On January 23, 2012, I moved myself out to lovely, lovely Los Angeles. And I’m going to be completely honest and tell you…I did not know what the hell I was doing. Ask anyone. And frankly, I still don’t, but that is not the point. I’ve basically only scratched the surface here, but here are some things I’ve picked up along the way.
1. Los Angeles is HUGE. LIKE REALLY, REALLY BIG.
Look at that shit! What even! I grew up in Grosse Pointe, which is probably like a 30th the size of Los Angeles. Before I moved here, the last time I had visited the city was in 2006, when I was 17. And even then, I think we were here for like 2 days? All I can remember is going to Disneyland. I don’t even remember what part of the city we stayed in. Seems like it really had an impact on me, so it only makes sense that I chose to move my entire life here 6 years later. Yet, here I am. There are still highways here I’ve never heard of. Someone said something today about the 118. Don’t even know what or where that is. Pretty sure they were lying to me. I like my 101, 170, 134, and 405, thank you very much.
The trick with LA is finding the section of the city you want to be in. Again, I had no idea what I wanted before I moved here. Luckily (for me, not him), I met my friend, Chris while working on OZ. He has lived here for a decent chunk of time and basically told me exactly where to move in the city. I mean, not exactly, he didn’t have an apartment available (lame) but, he did give me some cross-streets. Without his advice, I would probably be living in Long Beach and paying millions in gas to get to work.*
*At time of publication, the author was unemployed. Joke’s on her.
2. No matter how safe you think your shit is or how safe a neighborhood is, it probably isn’t.
People are assholes. Don’t ever leave your things in your car and leave said car for any amount of time. Just basically don’t trust anyone ever and live life as a hermit.
3. Nothing will ever taste as good as Jack in the Box at 2 a.m. Nothing.
4. Don’t be a jerk.
LA might be a big city, but you’d be surprised at how many people know other people who know people. Working in the entertainment industry really teaches you how small the world can actually be. And the thing is, the bigger jerk you are, the more people find out about it. I knew someone when I first moved out here who was a real asshat. He did some pretty atrocious things and I since don’t talk to him. But, I was working onset the other day and someone asked if I knew him. As she and I got to talking more, I found out that he was a real asshat to her too. She then said she talked to her manager about him, and he won’t be working with them anymore.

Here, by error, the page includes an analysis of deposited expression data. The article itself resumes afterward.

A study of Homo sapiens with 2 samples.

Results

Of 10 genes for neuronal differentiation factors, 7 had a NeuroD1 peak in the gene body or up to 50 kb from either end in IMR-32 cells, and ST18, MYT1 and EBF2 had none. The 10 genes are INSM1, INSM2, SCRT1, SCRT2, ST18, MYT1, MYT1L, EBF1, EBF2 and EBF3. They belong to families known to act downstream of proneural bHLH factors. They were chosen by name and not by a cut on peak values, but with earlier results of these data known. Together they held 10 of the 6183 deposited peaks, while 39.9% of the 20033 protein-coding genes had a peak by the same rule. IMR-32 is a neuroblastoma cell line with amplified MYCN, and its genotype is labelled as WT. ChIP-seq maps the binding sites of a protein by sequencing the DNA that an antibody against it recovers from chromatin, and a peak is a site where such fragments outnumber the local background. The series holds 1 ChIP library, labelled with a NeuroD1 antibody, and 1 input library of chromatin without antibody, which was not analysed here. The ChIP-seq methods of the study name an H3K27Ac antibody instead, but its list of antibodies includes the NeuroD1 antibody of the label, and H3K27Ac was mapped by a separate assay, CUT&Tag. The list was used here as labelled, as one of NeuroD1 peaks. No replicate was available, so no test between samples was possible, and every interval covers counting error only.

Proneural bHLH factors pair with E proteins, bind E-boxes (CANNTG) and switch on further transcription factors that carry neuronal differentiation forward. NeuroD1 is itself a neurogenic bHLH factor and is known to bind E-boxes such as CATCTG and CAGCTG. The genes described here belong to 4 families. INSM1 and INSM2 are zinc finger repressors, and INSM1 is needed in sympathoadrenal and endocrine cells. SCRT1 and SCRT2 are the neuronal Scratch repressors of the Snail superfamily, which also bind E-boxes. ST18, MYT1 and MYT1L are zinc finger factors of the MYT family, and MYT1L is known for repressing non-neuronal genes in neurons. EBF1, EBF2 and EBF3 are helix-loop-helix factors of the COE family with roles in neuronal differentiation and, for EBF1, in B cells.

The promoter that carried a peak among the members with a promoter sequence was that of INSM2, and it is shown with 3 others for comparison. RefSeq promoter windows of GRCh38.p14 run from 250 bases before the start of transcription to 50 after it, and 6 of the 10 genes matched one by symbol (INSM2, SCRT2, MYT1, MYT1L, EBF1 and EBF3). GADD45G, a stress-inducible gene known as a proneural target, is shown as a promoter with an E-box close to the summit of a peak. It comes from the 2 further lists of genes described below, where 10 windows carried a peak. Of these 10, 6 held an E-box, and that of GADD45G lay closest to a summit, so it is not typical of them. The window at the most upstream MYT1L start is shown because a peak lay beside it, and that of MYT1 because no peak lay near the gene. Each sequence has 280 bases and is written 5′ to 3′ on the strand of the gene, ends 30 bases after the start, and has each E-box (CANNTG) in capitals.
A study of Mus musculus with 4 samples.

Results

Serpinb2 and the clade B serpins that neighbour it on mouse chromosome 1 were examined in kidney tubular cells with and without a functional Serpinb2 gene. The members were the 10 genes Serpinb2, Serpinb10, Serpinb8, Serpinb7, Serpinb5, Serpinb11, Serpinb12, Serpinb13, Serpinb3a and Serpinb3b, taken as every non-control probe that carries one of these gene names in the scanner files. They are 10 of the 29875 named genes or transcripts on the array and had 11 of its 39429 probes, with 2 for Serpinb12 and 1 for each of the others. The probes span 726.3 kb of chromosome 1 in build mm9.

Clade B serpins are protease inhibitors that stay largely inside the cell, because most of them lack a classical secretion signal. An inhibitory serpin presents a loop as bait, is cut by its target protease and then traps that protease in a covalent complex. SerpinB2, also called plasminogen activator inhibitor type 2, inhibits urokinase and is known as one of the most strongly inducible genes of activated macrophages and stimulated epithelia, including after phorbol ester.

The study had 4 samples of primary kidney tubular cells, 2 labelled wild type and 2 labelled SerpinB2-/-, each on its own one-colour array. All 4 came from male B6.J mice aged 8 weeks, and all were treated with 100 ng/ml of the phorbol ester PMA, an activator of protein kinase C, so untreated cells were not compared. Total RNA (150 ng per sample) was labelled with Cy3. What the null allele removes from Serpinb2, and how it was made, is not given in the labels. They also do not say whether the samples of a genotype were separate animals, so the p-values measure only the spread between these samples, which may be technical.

I mean, this is really more of a life principle, but, just don’t be a jerk.
5. Always pay the parking meter.
Even if you’re just running into CVS for “a few things, seriously I’ll only be 3 minutes.” You’ll get a ticket. And those tickets become 6 more tickets and all of a sudden, your mom is mad because all of these parking tickets are sent to your house in Michigan because you still haven’t changed your vehicle registration.
Mom, if you’re reading this, I swear I’ll get around to changing my registration.
6. Call your Mom.
And while you’re at it, call your grandparents, your aunts and uncles, and your brother.
At some point you’re going to need help out here. And even though they are thousands of miles away, these are the people who will help you no matter what. They love you.
7. Get out of your apartment!
Have I mentioned how big LA is?! That means there are mountains to hike, beaches to visit, and things to do. And bonus, the sun is kind of always out. Even if you walk to the nearest Starbucks, just going outside makes everything like 436x better.
8. Find a good group of friends.
“Look at those nerds! They all seem awesome! No way they are actually that great!” is what you’re saying to yourself and I’m telling you, you’re wrong. I had some really crappy times when I first moved out here, enough that I was willing to move home. But then these clowns made me realize what I’d be missing out on. I have only been out here a year and I already have memories to spare. And a scar on my chin! Which is another fun memory!
To bring things full circle (or a callback, if you’re James), LA is a huge city and it’s so easy to feel alone, especially if the rest of your friends and family are 2,000 miles away. But, if you have people like this in your life, that won’t happen so often. Friends become your ohana. And if Lilo and Stitch has taught me anything, it’s that ohana means family and family means nobody gets left behind or forgotten.